Effect of mild obstructive sleep apnea in mountaineers during the climb to Mount Aconcagua

Alvaro Emilio Ortiz-Naretto, Miriam Patricia Pereiro, Glenda Ernst, Juan Manuel Aramburo, Ana María Tovo, Andres Vázquez-Fernández, Eduardo Borsini
Sleep Science 2020, 13 (2): 138-144

Objective: to compare mountaineers with and without asymptomatic sleep apnea (OSA) before the ascent and to study high altitude-related sleep disorders, its interaction with metabolic, neuroendocrine and immunological components.

Material and Methods: During an expedition to Mount Aconcagua, researchers assessed the respiratory polygraphy (RP), clinical condition and inflammatory parameters, and rhythm of cortisol secretion in mountaineers sleeping at different altitude camps.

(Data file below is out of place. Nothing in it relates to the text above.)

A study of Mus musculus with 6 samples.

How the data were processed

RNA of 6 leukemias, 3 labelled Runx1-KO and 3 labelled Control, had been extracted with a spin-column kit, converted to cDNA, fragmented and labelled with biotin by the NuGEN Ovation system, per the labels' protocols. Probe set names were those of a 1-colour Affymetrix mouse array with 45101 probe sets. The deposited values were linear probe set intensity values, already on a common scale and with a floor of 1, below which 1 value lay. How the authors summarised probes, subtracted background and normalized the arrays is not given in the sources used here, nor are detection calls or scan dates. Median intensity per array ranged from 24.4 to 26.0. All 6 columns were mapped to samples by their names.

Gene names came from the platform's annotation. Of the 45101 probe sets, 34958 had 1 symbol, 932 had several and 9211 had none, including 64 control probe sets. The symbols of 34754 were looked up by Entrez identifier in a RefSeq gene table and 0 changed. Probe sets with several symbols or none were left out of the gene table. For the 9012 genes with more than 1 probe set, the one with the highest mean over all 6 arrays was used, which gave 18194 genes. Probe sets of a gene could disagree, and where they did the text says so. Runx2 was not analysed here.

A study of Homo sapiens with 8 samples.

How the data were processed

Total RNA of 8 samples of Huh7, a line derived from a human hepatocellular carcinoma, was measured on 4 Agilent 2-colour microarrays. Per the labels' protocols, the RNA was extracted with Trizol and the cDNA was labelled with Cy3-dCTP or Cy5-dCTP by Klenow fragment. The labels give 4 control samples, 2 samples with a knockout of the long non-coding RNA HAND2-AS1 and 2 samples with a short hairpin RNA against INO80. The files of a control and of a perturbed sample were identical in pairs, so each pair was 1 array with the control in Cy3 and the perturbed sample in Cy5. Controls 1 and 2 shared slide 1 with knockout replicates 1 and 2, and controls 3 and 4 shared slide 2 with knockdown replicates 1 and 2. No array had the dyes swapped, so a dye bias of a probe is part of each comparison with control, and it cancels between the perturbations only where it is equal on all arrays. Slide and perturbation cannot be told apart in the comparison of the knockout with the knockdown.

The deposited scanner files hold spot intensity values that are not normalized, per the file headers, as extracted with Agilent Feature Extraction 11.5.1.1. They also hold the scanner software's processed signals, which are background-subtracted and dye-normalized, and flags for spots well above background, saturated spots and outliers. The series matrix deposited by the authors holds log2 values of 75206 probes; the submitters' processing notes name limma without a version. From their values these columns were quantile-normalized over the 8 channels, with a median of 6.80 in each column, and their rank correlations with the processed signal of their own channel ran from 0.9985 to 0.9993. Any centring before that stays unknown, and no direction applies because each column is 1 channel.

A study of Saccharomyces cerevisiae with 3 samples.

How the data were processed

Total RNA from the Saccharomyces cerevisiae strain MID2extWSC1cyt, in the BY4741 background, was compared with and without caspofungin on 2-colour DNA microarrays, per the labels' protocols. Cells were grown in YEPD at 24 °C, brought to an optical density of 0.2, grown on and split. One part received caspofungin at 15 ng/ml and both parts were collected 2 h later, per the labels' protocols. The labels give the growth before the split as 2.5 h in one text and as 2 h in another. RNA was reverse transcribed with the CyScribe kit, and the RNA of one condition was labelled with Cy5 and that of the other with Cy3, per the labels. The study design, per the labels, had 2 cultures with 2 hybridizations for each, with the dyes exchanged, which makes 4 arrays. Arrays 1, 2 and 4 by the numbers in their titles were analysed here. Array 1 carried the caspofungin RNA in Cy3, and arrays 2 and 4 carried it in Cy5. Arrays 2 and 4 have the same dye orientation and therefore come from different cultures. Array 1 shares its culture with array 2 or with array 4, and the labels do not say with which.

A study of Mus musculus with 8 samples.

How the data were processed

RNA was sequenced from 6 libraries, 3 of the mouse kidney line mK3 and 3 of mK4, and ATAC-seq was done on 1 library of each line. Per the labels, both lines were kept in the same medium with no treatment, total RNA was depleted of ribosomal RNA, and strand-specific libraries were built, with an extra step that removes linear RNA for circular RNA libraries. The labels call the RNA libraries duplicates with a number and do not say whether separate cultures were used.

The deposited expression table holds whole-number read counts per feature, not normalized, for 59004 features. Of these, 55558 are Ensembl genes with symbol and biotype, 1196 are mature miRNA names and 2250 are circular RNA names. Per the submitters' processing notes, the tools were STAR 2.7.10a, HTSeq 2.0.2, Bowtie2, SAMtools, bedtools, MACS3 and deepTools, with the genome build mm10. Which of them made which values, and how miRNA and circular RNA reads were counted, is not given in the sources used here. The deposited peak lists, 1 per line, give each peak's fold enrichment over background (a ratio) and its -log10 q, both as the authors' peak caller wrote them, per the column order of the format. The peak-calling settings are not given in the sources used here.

Results: 8 athletes (4 women), 36 years old (25-51) participated. Baseline and final BMI were; 23.6 (20.9-28.7) and 22.77 (20.9-27.7), respectively: p<0.01. 40 valid RP recordings were analyzed. At 746 m.a.s.l. (baseline), only 2 mountaineers presented mild asymptomatic OSA. The OSA group presented baseline apnea-hypopnea index (AHI) values between 5-15 events per hour, which evidence a mild respiratory sleep disorder with AHI increased by altitude depending of central apneas and hypopneas (p<0.05) as high altitude periodic breathing pattern but no increase in obstructive apneas (p<0.01). The circadian rhythm of cortisol was maintained in all cases in which they had not received treatment with dexamethasone and their values increased with the altitude reached. Increased systolic blood pressure was observed in the OSA group.

Conclusion: In a context of hypobaric hypoxia, individuals with pre-existing asymptomatic OSA are prone to experiencing lower oxygen saturations and clinical deterioration.